When smartphones first launched and even though most analysts were amazed by the new possibilities that the tech brought to the average consumer, few could have predicted the rapid development of this all-encompassing device. Smartphones have evolved beyond what was thought possible to become an indispensable ally in a wide array of everyday activities – and most of these tasks are nowadays carried out thanks to mobile apps. As the mobile application landscape evolves, progressive web apps claim to offer the best of both worlds to users and developers alike. What exactly are they and why are they bound to dominate the industry?
Reaching Out to the Mobile User
More and more smartphones users are turning to their phones as a prime way of accessing the Internet. Global mobile data traffic has consistently gone up in the last few years and is projected to rise even more. In 2017, it amounted to 11.51 billion GB per month and rose to over 19 billion GB monthly in 2019. It is estimated that in 2019 it will surpass 28.5 billion and will reach roughly 77.5 billion GB per month by 2022. As smartphones evolve, developers keep investing in more powerful models, while the need for accessing the Web on the go and the convenience they offer has turned mobile users into key target group for businesses of all types. From online retailers and advertisers to well-established market leaders and government agencies, everyone is in search of the perfect way to reach out to the mobile audience.
There are three main options for companies wishing to liaise with their mobile clients. They could develop a mobile-friendly website that could optimize the user’s experience on a mobile browser. Yet it soon became clear that there were limitations to user experience when navigating the web on a mobile device. Native apps were developed as the answer to this problem. They offer an extremely tailored and engaging user experience, taking full advantage of the capabilities of a mobile device. Despite their obvious advantages, native apps are less able to integrate seamlessly across devices and can thus disrupt user experience when changing devices or upgrading. They also require the user to download the app, eating up space and resources, as well as money in some instances, which acts as a barrier for many consumers.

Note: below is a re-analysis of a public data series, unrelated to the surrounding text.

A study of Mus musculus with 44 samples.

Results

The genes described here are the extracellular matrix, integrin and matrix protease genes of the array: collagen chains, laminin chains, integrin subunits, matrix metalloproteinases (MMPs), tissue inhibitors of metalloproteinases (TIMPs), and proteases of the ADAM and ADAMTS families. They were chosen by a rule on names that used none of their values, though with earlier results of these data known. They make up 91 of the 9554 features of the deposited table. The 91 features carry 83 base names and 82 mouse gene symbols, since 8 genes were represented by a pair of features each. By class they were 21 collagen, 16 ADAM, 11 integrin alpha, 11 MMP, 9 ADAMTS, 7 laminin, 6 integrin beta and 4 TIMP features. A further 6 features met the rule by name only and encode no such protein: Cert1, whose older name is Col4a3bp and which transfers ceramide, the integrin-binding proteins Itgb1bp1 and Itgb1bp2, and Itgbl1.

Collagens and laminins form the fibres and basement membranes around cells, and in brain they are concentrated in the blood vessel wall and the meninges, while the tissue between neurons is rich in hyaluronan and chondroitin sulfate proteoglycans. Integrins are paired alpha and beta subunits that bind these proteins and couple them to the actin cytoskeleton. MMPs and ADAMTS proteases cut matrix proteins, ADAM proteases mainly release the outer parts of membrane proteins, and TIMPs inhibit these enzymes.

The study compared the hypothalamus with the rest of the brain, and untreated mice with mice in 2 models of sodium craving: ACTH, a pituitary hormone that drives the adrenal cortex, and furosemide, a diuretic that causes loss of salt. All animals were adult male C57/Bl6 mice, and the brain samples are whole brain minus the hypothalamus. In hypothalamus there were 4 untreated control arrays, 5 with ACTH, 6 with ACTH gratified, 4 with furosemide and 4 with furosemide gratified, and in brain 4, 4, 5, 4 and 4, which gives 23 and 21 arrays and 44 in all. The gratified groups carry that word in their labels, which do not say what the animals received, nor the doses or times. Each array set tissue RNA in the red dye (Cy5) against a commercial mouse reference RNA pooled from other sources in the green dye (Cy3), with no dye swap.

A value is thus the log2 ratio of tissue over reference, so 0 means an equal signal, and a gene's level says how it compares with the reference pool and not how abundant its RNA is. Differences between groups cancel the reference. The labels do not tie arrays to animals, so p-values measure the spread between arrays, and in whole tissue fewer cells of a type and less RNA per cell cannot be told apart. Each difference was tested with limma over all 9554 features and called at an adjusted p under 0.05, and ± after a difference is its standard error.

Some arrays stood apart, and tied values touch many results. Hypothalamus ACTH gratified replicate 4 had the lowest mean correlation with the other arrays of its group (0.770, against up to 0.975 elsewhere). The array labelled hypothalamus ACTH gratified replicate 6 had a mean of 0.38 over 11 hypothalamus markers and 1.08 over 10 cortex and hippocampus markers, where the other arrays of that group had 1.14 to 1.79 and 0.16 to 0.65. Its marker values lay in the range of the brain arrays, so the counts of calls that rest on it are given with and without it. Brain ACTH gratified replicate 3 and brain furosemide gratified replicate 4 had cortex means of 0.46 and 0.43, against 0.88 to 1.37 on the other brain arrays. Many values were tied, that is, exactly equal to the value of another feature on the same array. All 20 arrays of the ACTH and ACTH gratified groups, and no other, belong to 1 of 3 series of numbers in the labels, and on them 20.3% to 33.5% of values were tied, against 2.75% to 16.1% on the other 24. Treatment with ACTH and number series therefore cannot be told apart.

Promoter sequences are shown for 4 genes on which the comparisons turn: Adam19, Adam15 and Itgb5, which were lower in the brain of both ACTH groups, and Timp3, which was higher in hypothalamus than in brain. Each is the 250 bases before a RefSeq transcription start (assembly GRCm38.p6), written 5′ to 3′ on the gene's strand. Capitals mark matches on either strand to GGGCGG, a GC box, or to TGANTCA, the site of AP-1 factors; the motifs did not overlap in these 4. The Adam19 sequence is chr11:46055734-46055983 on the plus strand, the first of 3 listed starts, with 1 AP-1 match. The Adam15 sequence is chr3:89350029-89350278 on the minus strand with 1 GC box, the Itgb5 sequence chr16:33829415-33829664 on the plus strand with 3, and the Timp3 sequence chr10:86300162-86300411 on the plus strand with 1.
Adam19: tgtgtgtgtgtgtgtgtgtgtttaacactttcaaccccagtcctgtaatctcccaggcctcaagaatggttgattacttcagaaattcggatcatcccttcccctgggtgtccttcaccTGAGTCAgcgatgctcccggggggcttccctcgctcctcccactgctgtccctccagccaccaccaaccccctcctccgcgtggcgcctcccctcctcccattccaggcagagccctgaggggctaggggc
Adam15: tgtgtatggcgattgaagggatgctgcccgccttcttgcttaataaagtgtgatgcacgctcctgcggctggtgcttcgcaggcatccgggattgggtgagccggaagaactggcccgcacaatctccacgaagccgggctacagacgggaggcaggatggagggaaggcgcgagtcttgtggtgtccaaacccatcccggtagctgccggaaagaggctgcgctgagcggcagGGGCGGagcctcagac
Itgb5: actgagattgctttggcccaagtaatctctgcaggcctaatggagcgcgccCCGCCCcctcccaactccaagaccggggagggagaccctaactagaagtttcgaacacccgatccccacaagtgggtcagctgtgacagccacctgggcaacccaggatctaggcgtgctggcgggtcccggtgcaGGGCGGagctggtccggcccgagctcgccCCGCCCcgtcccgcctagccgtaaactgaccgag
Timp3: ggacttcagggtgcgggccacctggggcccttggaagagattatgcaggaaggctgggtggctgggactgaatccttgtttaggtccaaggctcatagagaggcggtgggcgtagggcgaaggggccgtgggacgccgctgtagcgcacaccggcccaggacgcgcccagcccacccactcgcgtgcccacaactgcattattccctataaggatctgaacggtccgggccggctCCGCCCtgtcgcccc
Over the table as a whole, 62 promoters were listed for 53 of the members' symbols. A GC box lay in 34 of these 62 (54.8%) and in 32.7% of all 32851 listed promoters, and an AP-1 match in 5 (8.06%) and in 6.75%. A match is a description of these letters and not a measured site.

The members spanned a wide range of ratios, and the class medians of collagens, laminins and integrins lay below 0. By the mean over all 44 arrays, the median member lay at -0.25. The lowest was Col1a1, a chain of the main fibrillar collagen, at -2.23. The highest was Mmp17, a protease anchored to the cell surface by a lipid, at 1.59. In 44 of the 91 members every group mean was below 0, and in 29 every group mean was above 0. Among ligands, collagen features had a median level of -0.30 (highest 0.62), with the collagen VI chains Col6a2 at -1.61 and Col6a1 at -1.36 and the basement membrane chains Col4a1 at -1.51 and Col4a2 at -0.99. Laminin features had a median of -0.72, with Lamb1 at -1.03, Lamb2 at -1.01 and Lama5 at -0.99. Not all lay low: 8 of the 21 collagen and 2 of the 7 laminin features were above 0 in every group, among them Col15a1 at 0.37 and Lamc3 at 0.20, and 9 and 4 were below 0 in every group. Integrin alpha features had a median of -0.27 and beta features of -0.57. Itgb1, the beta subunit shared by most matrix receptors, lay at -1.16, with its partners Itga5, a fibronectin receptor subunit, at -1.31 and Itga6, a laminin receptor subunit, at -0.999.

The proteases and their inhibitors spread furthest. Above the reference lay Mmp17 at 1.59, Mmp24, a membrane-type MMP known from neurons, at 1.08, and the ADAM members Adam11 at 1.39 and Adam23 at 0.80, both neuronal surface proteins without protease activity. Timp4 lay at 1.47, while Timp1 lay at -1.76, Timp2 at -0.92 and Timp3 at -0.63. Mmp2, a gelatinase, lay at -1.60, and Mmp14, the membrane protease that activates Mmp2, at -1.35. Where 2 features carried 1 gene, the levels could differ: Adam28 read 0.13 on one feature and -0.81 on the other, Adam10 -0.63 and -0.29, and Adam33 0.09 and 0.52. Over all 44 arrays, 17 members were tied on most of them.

Why are Progressive Web Apps so Important?
Both options present significant pros and cons – which is why, depending on its priorities, a company may choose one of the two, or both. Netflix, for example, has gone for the native app road, focusing on how to optimize the spectator experience. On the other hand, companies like Amazon or several betting sites reviewed by Oddschecker have decided to go with both options, presumably in an effort to appeal to a wider audience and offer their subscribers more choice and convenience. Yet investing in both takes up resources and time. Enter the progressive web app (PWA): the best of both worlds. This relatively new solution aims to incorporate the better qualities of both options while dealing effectively with the downsides. Progressive web apps were introduced in 2015. They are essentially mobile applications that are hosted on the web instead of your smartphone.
There is no need for a download – you simply load it the way you would load any other website, by accessing it directly. Yet thanks to an app shell, PWAs are able to deliver key features of native apps, like offline mode, push notifications, saving on the home screen, smoother immersion, etc. This is why PWAs are considered the future of the industry: they load immediately and on-demand, without taking up valuable space on your device or going through the hassle of downloading – which is what consumers are looking for. Their flexibility also makes them great ambassadors for a business: potential clients are more likely to try out a PWA that does not require that much effort to deal with, thus increasing a company’s exposure. Finally, they are very convenient for developers, too. They are quicker to create and easier to update. They do not require separate versions for iOS and Android – instead, you can develop just one PWA and allow the browser to do the rest of the work. Last but not least, they do not cost as much as native apps.
Blending the best of both options, PWAs are more economical and efficient for consumers, developers, and businesses – and it is easy to see why they are set to dominate the mobile market.